NSF Director Recognizes Importance of Statistics
Ron Wasserstein, ASA Executive Director
In October of 2010, Subra Suresh became the 13th director of the National Science Foundation (NSF). In May, ASA Executive Director Ron Wasserstein conducted an interview with Suresh to learn about his views of the statistics discipline.
Suresh has an engineering background, primarily mechanical engineering. He has a bachelor’s degree from the Indian Institute of Technology in Madras, a master’s degree from Iowa State University, and a doctorate from MIT. Upon completion of these degrees, Suresh did a postdoc at the University of California, Berkeley, where his research expanded to include materials science. After 10 years on the faculty at Brown University, Suresh moved to MIT as the R. P. Simmons Professor of Materials Science and Engineering. He became department chair in 2000 and dean in 2007. He remained dean until joining NSF. To read more about Suresh, visit the NSF website.
Connection to Statistics
Suresh claims no direct connection with statistics, though a daughter is working on a master’s degree in epidemiology and biostatistics at Northwestern University. He does agree with its importance, however. For example, he recognized the need to understand statistics and probability in order to make sense of the fatigue of materials. In addition, as the dean of engineering at MIT, he realized the need for teaching students the ability to solve problems that involve non-deterministic analyses, statistical estimates, and risk assessment.
Era of Data and Information
In his presentation of the president’s budget request for NSF, Suresh called this “the era of data and information.” At MIT and NSF, he sees research excitement in all areas of science and engineering. But, across all these areas, two points stand out. First, we have the use of so many tools for observation. From telescopes all over the world and out in space to environmental monitoring devices and powerful microscopes, the reach of NSF scientists goes from the smallest scale to the largest. With our computational abilities, we can record and store unprecedented amounts of data from these devices.
Intellectually, science is crossing traditional disciplinary boundaries. We can study not only the biology of the brain, but also our cognitive processes, and we are now able to collect data that link the two. Energy is always in the news these days. But, energy policy must be based not only on the physical science of what’s available and practical, but also the social and political science of what people will accept and how much they are willing to change.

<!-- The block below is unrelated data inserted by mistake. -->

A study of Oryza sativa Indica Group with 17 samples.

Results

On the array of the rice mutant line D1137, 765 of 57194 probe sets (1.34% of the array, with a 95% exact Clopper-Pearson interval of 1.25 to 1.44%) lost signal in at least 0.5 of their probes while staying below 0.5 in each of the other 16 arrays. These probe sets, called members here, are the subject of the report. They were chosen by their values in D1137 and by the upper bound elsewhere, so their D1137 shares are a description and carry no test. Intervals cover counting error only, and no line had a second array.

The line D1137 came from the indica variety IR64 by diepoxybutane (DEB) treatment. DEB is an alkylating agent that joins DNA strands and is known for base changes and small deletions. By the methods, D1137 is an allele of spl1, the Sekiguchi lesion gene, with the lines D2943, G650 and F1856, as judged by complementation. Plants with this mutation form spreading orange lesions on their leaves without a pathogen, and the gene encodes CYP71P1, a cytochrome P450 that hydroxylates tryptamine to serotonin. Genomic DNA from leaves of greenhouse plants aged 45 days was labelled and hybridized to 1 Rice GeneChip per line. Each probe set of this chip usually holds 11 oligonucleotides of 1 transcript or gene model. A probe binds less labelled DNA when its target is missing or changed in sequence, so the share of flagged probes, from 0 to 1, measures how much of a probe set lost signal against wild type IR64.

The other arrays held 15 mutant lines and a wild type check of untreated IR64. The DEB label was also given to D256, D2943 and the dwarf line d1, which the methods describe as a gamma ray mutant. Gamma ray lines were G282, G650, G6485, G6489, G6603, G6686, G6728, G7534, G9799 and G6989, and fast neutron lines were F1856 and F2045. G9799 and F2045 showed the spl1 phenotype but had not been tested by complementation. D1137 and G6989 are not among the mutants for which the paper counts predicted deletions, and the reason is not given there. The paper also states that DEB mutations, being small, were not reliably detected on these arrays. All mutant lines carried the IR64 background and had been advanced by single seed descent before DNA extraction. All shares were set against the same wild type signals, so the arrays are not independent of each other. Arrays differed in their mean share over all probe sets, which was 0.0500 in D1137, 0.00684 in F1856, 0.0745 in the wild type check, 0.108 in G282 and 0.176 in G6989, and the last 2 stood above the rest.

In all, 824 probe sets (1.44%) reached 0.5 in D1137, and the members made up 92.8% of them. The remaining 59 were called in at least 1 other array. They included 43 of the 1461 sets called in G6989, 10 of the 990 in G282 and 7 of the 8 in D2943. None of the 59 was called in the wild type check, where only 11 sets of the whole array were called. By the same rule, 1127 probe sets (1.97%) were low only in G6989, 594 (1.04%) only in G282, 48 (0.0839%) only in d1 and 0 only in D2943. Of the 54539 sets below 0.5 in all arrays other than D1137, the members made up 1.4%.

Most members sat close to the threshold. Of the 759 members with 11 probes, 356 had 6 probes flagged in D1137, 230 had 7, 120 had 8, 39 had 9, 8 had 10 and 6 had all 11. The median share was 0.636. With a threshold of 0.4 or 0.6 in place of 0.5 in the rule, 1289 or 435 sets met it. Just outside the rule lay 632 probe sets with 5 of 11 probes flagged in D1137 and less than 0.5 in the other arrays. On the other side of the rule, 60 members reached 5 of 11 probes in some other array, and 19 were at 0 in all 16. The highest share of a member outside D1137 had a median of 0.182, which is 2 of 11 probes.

Data also is being created in other ways, not just from scientific devices. Social networking sites and other businesses are also producing large amounts of data. Scientists will use this data in a progression from data to information and eventually to new knowledge. That is the scientific process: to collect data; sort, analyze, and filter it; and learn from it. Statistics is right in the middle of this. Within NSF, the National Center for Science and Engineering Statistics (NCSES) will play a major role. (NCSES was formerly the Division of Science Resources Statistics.)
Why the Job Is Exciting
Being chosen to be NSF director is obviously a great honor. It shows the best side of the United States, that opportunities really are open to everyone. In 2010, NSF provided support for more than 200,000 individuals through grants to about 2,100 institutions. NSF plays a vital role in human capital development. NSF provides more than 20% of all federal research funding to universities and more than 50% of the nonmedical funding. At the individual discipline level, 64% of federal funding for university research in mathematics and 82% in computer science came from NSF last year. The Graduate Research Fellowship Program began in 1952. With the 2,000 awards made in 2010, more than 46,000 individuals have now received these awards.
It is important to articulate the benefits of long-term research. Research produces long-term individual benefits and also economic benefits for the country. When William Gladstone asked Michael Faraday how his research in electricity would benefit society, Faraday responded, “One day, sir, you may tax it.” At this time of huge national debt, it is imperative not to lose sight of the need for a long-term perspective for science.
We are facing unprecedented competition from international sources. In 2000, the United States was surpassed in terms of their non-defense research spending as a fraction of their gross domestic product. China is growing their research significantly in its next five-year plan, while the United States is facing drastic cuts in discretionary spending.
We need to maintain a strong STEM (science, technology, engineering, and mathematics) work force. The number of women who go into many science disciplines is increasing. That’s an encouraging sign, but many do not stay in the work force. We need to figure out how to keep them. By 2040, the United States will be a country that consists of a majority of minorities. But, these minority groups are not adequately represented in the STEM work force. We must make sure everyone has the opportunity to study and work in the STEM disciplines. And we must provide encouragement to those who are under-represented. For many years, the United States has trained and retained the best from throughout the world. But, there are growing concerns that we may lose this advantage if our scientific research enterprise is not adequately funded. In all these areas, NSF has a huge role to play.